Paul Orford is Head of Institutional Sales at Inflyx
On my recent sabbatical, like most people might, I questioned the meaning of life and my contribution to the well being of our civilisation. By asking myself the big questions and trying to find out what this life is all about, I could have used conventional methods such as finding a religion that fitted nicely into my 21st-century consumerist needs or a painful and strange form of yoga which no doubt would involve me wearing some form of brightly coloured active wear. Instead I self-medicated on large doses of the Internet which entailed getting stuck in the YouTube vortex of nonsense.
My daily diet consisted of watching dogs walk on two legs, people falling over in odd, peculiar and fascinating ways and finally the last bastion of the terminally bored on the internet… conspiracy theories.
After about two minutes of watching these, I concluded that the Internet can sometimes give validity to people with some quite serious psychiatric challenges. After I took off my tin foil hat, I stumbled across a video regarding an experiment being conducted in China known as ‘Social Credit’.
For those who are not aware of this, it’s a programme that currently has opt-in status. It has essentially gamified society (whatever happened to the gamifying of forex craze?) with you being rewarded for being a good citizen. It has four core values on a personal level which are payment of invoices, ability to honour contracts, personal preferences and behaviour and interpersonal relationships.
The better you are as a citizen, the more points you score, giving you access to the finer things in life such as access to better credit, flights and better hotels. It is argued that if someone’s score drops below a certain threshold, their movements could be limited or perhaps they might face challenges getting their child into the school of their choice.
By this stage of reading the article you are maybe wondering ‘what’s this got to do with forex?’ Possibly quite a lot: the Social Credit programme is also being rolled out to businesses with the goal of a self-enforcing regulatory regime run on big data.
Having witnessed the free-for-all of little or badly performing regulation in forex and binary options over the last 15 years, we then saw the Chinese market being taken advantage of. Some providers plundered this market, culminating in mass demonstrations being held at local expos along with arrests and convictions.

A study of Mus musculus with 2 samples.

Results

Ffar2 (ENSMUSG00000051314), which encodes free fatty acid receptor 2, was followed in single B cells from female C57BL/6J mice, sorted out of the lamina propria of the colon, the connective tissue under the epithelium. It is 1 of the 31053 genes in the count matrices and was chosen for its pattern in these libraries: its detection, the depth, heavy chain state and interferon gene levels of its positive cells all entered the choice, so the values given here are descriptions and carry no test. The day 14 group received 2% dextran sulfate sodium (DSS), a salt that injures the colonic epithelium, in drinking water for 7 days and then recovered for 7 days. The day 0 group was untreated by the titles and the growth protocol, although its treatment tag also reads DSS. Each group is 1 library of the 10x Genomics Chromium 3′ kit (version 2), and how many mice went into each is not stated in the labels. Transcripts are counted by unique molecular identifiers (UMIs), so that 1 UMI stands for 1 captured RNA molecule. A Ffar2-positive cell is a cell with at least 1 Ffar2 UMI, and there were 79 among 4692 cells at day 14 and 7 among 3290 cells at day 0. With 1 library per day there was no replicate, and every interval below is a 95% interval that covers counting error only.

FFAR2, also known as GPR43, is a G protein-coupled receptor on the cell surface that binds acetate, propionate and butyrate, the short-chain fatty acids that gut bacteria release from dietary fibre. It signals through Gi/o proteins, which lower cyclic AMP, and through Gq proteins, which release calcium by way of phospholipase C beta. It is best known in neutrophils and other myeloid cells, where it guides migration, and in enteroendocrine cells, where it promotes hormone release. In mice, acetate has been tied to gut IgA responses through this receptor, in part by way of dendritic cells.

With this new programme in place, could it lead eventually to the cleaning up of the Chinese industry and give a more positive impression of electronic trading?
My logic to this is that if a broker is treats people badly (which will be dictated by big data), it won’t be just the employees and owners of the company who face challenges in their future business and liberty. Service providers (both shareholders and employees) who offer a service to the broker will lose points as well, meaning possibly slower internet speeds or a reduction in viable banking facilities amongst other challenges that are detrimental to running a business.
Although there are undoubtedly huge questions about this programme in terms of its impact on individual liberty, in our area we were all essentially given the freedom to create an industry based on trust and transparency. With the actions of the few blowing it up for the majority of us, new laws and reporting procedures are now being put in place all the time. Is there a sadder sight in the world than the face of a compliance officer when they open up their inbox in the morning only to find a new dictat from the local regulator to abide by?
With our society moving towards the brave new world of big data, will this be a bad thing for our industry? Without trying to sound like the Daily Mail and reverting to their stance on liberty (‘if you do nothing wrong, you have nothing to hide’), in this respect you can see only a positive outcome for an industry that can sometimes have an awkward relationship with transparency.